Solar power is a critical component of New Zealand’s energy supply by providing direct and complimentary energy to more people within the built environment and building resilience and sustainability into communities. A key factor in the successful uptake of solar onsite generation will be using solar with advanced technologies and home design practices. This will enable better built, healthier homes that save energy and create healthier environments during the coldest parts of the year. This paper provides a background to what is happening in New Zealand in comparison with Australia and the UK with regard to the uptake of solar PV and insulation. It documents a case study of a high-performance home in New Zealand, designed and built above the minimum Building Code of New Zealand requirements.
The full article is available to institutions that have subscribed to the journal
Bramantino Armiento is a candidate for a Master of Environmental Management degree at Massey University, New Zealand. Bramantino received his Bachelor’s degree of International Studies, majoring in Environmental Studies, from IPC Tertiary Institute, New Zealand in 2014. His research interest mainly focuses on ‘green’ building operation.
Gregory Chawynski has over the past two years been working as an Industry Consultant – Expert Witness to the High Court of New Zealand. He is also currently the CEO of a volume building company located in Christchurch, New Zealand and has over 20 years’ experience in both the New Zealand and Australian building industries. He is a past Secretary and President of the New Zealand Institute of Building (Central Chapter – Wellington), past President of the Manawatu Registered Master Builders Association, and past Board Member of the New Zealand Institute of Building (Southern Chapter – Christchurch). He is currently an Honorary Teaching Fellow within the School of Engineering and Advanced Design and a member of the Construction Programmes Advisory Board at Massey University in Auckland. His qualifications include a PhD, Master of Engineering, Graduate Certificate of Engineering (Performance Based Building Surveying), Bachelor of Technology (Building Surveying) and a Diploma of Managerial Excellence in Engineering & Construction. Professional memberships include Fellow of the Australian Institute of Building; and Member of New Zealand Institute of Building (and Chartered Building Professional), New Zealand Institute of Management Southern (Inc.), Australian Institute of Building Surveyors, Institute of Engineers Australia (Civil College), Australian Institute of Project Management and World Organization of Building Officials.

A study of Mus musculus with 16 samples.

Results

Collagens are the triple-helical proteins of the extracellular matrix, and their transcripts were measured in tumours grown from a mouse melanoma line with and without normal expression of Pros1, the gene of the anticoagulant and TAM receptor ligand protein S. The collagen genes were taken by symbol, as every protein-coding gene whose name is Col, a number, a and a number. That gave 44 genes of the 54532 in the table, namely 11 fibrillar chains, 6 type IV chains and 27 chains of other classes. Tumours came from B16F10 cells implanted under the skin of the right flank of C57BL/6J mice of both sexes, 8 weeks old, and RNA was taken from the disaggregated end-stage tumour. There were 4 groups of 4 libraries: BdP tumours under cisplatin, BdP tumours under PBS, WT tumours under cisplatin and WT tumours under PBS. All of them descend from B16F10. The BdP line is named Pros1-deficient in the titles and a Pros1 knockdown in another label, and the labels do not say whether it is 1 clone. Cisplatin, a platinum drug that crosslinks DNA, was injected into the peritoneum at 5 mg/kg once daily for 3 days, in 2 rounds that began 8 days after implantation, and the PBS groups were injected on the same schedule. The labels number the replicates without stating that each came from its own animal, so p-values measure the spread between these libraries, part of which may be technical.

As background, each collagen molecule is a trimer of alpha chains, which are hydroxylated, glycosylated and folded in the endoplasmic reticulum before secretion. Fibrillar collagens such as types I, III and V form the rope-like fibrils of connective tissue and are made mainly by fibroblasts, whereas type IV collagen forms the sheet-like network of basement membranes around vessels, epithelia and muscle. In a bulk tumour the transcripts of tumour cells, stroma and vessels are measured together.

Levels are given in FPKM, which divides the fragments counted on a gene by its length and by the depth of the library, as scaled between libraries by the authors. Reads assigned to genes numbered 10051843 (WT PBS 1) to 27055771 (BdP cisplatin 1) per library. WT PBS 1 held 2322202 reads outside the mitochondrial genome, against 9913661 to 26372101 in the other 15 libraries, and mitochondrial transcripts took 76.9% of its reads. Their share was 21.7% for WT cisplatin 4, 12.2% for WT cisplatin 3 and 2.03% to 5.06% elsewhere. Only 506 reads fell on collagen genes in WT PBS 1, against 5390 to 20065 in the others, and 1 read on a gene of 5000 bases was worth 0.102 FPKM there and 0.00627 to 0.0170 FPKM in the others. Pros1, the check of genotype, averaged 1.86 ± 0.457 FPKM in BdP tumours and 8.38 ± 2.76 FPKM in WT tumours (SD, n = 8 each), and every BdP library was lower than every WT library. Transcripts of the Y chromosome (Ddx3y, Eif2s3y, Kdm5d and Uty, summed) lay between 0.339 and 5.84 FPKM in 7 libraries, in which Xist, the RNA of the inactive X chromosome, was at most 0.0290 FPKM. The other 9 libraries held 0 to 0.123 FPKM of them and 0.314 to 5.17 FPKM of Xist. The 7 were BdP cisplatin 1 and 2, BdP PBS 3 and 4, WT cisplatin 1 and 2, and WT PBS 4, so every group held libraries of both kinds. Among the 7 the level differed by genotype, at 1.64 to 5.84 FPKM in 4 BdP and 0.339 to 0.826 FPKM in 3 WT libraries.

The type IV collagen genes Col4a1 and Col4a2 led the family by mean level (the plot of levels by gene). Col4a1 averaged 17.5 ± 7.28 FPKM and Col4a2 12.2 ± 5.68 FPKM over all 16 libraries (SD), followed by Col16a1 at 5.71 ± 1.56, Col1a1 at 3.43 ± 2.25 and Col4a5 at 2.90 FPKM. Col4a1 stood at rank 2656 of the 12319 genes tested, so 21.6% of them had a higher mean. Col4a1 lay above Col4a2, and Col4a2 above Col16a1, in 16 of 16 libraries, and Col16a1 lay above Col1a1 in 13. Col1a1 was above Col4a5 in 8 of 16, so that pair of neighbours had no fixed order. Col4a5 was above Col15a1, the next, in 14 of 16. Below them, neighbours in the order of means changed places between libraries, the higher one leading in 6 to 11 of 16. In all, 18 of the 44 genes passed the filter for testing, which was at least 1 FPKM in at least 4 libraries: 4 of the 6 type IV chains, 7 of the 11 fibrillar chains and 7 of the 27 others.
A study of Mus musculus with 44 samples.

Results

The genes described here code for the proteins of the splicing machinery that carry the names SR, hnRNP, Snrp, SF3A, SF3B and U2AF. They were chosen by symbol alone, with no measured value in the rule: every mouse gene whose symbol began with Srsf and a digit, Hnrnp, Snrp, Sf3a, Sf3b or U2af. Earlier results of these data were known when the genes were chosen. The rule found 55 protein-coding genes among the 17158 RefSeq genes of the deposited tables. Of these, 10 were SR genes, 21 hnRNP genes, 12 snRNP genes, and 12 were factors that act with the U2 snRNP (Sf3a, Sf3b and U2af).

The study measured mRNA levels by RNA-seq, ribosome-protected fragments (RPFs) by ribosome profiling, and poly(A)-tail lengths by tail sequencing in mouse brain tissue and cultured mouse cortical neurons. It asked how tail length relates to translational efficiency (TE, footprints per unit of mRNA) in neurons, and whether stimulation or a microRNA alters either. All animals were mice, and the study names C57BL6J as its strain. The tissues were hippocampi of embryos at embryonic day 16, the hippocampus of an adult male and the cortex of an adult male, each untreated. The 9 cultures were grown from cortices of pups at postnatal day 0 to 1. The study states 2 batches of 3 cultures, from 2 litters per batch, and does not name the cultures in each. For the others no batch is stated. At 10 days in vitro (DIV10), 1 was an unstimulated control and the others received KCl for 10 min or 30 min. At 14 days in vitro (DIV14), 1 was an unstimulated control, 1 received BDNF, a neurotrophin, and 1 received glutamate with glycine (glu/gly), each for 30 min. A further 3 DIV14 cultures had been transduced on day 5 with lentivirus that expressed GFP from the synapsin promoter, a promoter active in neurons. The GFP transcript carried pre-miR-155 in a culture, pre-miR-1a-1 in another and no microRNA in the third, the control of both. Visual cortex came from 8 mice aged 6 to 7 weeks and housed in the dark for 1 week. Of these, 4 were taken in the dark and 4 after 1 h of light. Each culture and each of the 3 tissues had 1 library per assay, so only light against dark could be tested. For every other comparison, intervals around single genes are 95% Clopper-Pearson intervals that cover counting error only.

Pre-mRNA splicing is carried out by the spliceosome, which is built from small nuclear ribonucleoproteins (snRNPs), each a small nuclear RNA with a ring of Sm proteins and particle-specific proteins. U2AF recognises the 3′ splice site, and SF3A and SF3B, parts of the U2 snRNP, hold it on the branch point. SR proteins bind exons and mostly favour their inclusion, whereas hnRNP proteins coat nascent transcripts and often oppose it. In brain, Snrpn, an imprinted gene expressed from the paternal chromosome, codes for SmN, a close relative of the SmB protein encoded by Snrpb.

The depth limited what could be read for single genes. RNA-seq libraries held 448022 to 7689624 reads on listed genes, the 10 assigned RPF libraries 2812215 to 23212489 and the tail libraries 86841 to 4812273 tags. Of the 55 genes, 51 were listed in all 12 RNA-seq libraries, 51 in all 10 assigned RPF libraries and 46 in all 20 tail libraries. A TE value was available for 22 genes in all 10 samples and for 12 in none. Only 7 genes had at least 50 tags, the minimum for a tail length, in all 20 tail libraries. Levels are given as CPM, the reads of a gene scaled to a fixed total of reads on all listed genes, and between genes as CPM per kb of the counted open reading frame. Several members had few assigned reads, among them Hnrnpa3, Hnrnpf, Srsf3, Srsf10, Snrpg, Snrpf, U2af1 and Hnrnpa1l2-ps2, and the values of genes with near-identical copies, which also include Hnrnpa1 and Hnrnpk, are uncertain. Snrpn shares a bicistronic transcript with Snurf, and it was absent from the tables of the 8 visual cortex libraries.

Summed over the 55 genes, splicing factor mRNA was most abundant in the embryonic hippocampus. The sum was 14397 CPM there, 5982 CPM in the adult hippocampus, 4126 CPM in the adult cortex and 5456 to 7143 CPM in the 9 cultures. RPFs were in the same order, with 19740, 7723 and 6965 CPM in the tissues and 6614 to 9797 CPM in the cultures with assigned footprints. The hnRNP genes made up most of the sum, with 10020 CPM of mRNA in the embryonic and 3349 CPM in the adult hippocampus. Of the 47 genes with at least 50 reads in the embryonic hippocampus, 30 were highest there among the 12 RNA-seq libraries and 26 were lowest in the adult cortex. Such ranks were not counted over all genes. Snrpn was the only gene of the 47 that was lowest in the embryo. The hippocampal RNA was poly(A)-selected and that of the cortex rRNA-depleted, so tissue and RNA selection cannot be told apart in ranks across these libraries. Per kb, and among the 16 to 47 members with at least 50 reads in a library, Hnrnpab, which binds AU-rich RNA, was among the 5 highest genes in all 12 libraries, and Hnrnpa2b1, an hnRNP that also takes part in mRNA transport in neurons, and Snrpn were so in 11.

Robyn Phipps is a Professor in construction and leader of the Built Environment cluster at Massey University, New Zealand. Robyn’s qualifications include a PhD, Bachelor of Architecture (Hons) and Bachelor of Building Science. Recent prizes and awards include the Women in Energy Award 2018, (finalist), the Helen Tippett Award (highly commended), National Association of Women in Construction (2017), Women of Influence 2017 Science and Technology (finalist), Fairfax Media and Westpac (2017 and 2016), NZIOB James Hardie Innovation Award 2016 highly commended for low-cost solar heating for schools, New Zealand Institute of Building (2016) and the New Zealand Prime Minister’s Science Team Prize (2014). Robyn has expertise in the design and management of healthy buildings, indoor air quality, heating and ventilation. She is a Director of the New Zealand Green Building Council as Research and Policy Industry Group Director and Director of the award winning He Kainga Oranga Healthy Housing Research Group.
Corinne Mandin PhD is a researcher at the Scientific and Technical Centre for Building (CSTB) in Paris, France, which she joined in 2009. She is leading a group of 16 scientists involved in the activities of the French Observatory for Indoor Air Quality (OQAI). Created by the French authorities in 2001, the OQAI aims at setting up a permanent collect of data on indoor air and comfort in indoor environments. Corinne has been working as an expert for the World Health Organization (WHO) and the European Joint Research Center and she is an elected member of the International Society for Indoor Air Quality board of directors.
Eziaku Rasheed is a lecturer at Massey University, New Zealand. Her experience lies in research and teaching as well as industry practise. Eziaku supervises students at both undergraduate and graduate levels. She has a BSc degree in architecture, a MSc degree in construction project management and a PhD in architecture and is a past Science Policy Exchange Member for the Office of the Prime Minister’s Chief Science Advisor (OPMCSA) in New Zealand. This government forum included emerging and early stage scientists and policy professionals interested in better understanding the nexus between public policy and science and enabled engagement on real public policy questions.